Coq au Vin
November 6, 2011 § 1 Comment
E: Here’s another family recipe finally seeing the light of the internet for the first time. I don’t know where it came from initially, but I think it is pretty good. My mother has been making coq au vin approximately like this for years (I say approximately because she doesn’t usually measure anything) and I quite like it. I’ve made some slight changes, mostly to give it a bit more onion and garlic flavor, but the recipe is pretty much preserved from how I received it when I asked her to write it down for me in college.
You can make it equally well with red or white wine, and I’ve seen recipes that do it either way. I tend to use white because the end product is prettier, but I think you can use whatever you have at the time. It certainly won’t turn out bad. I’ve also made it using vermouth when I didn’t want to open a bottle of wine and I found that definitely worked ok too.
This is a classic dish that you simply have to make at some point. But please pronounce it correctly. If you say it “cocoa vinn” I will send some angry Frenchman to find you and teach you how to say it the right way.
1 pound chicken breasts, filets, or cutlets
9-10 crimini mushrooms, sliced
1 bunch scallions, chopped
1 small yellow onion, chopped
2-3 cloves garlic, minced
1-2 Tbsp butter or oil for frying
1 C. wine (less if using vermouth, try maybe 1/3 cup to start)
1 C. chicken broth, vegetable broth, or water
1 tsp. thyme
1 tsp. Herbes de Provence (or substitute some rosemary & more thyme)
Salt and fresh ground black pepper, to taste
1 Tbsp flour or 2 tsp corn starch (for thickening)
asparagus, olive oil, salt and pepper
Ok, here we go. Start by preparing everything to make things easier down the road. Cut up the chicken into bite-sized chunks. Slice the mushrooms thinly.
Chop the onion, scallions, and garlic.
Now you should be pretty much ready to go. Add the butter or oil to the pan and heat it on high. If you are using butter, you can let the butter brown a bit before you begin. When the butter or oil is hot, add the chicken pieces to the pan.
Sear the chicken for a few minutes until the chicken is pretty much cooked through and has some color on it. It shouldn’t take too long.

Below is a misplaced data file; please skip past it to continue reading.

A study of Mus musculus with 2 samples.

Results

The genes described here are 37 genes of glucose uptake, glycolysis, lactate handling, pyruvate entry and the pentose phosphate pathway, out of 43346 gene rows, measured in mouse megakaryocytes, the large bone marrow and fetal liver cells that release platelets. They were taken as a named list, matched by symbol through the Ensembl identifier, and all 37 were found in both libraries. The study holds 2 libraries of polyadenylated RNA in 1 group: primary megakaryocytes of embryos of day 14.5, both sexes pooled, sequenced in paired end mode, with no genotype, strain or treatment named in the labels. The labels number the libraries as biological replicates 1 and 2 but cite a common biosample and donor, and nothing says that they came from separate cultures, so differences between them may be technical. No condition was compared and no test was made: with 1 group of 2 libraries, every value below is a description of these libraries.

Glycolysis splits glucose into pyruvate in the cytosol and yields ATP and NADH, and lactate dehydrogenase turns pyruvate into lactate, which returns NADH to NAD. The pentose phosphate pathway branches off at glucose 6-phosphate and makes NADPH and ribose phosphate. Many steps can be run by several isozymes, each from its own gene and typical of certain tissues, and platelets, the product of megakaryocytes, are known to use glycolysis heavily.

Remove the chicken from the pan and set aside. Add some more oil if necessary, and cook the onions for about 5 minutes over medium heat until translucent. Then add the scallions and garlic. Either remove all this after 3 minutes or so and cook the mushrooms separately for deeper flavor, or just toss them in too and forge ahead.
Cook for a few minutes or until the mushrooms are softening and looking dark and wet. Add the wine and the chicken stock, and return the chicken to the pan. Season with the herbs and the pepper and set the liquids simmering for 30 minutes to an hour. Thirty minutes will almost certainly suffice. The chicken should be fully cooked and quite tender, so don’t cook for so long that it becomes tough. During this time the sauce will cook down and thicken naturally.
But this isn’t going to be quite enough for us, so when you think the chicken is done, get ready for the final steps. Create a slurry of the cornstarch or flour with a little water, wine, or extra stock. Add that to the pan and mix it around. Keep the mixture simmering for a few minutes to thicken it. While you are doing that, taste the sauce and add more herbs, salt, or pepper to taste. My mother’s recipe notes you can also add some milk or cream to the sauce, but she’s never done so. I certainly don’t think it is needed.
When the sauce has thickened, it is ready to serve.
We baked some asparagus to go with our coq au vin. Just roll it in a baking pan with some olive oil, salt, and pepper, and bake at 350F for 15 to 20 minutes. We also made some really fluffy couscous for this dish. Turns out the secret to fluffy couscous is to use a baking dish or casserole dish with a really large surface area. Lay the couscous in the dish, and spread it out as much as possible. Bring the water to a boil, pour it over the couscous, and cover the whole thing in plastic wrap.
When the couscous has absorbed all the water, fluff it with a fork and you will discover that with less weight on top pushing down, the end product has a lot more volume.
(Then again if you are like me and think the best parts of couscous are the clumps that get stuck together, this may not be for you. Joanna loved it though.)
Serve your coq au vin with plenty of the sauce. We made a little round of couscous—not having a circular mold or form—by packing it into a biscuit cutter. Add some of the asparagus artfully to the side, and serve.
We hope you enjoy it! And hopefully Joanna will pull through with another post for you all soon. She’s been really busy! But I still feel like this blog is more hers than mine, and I don’t like the feeling I’m taking over. (Hear that, you?)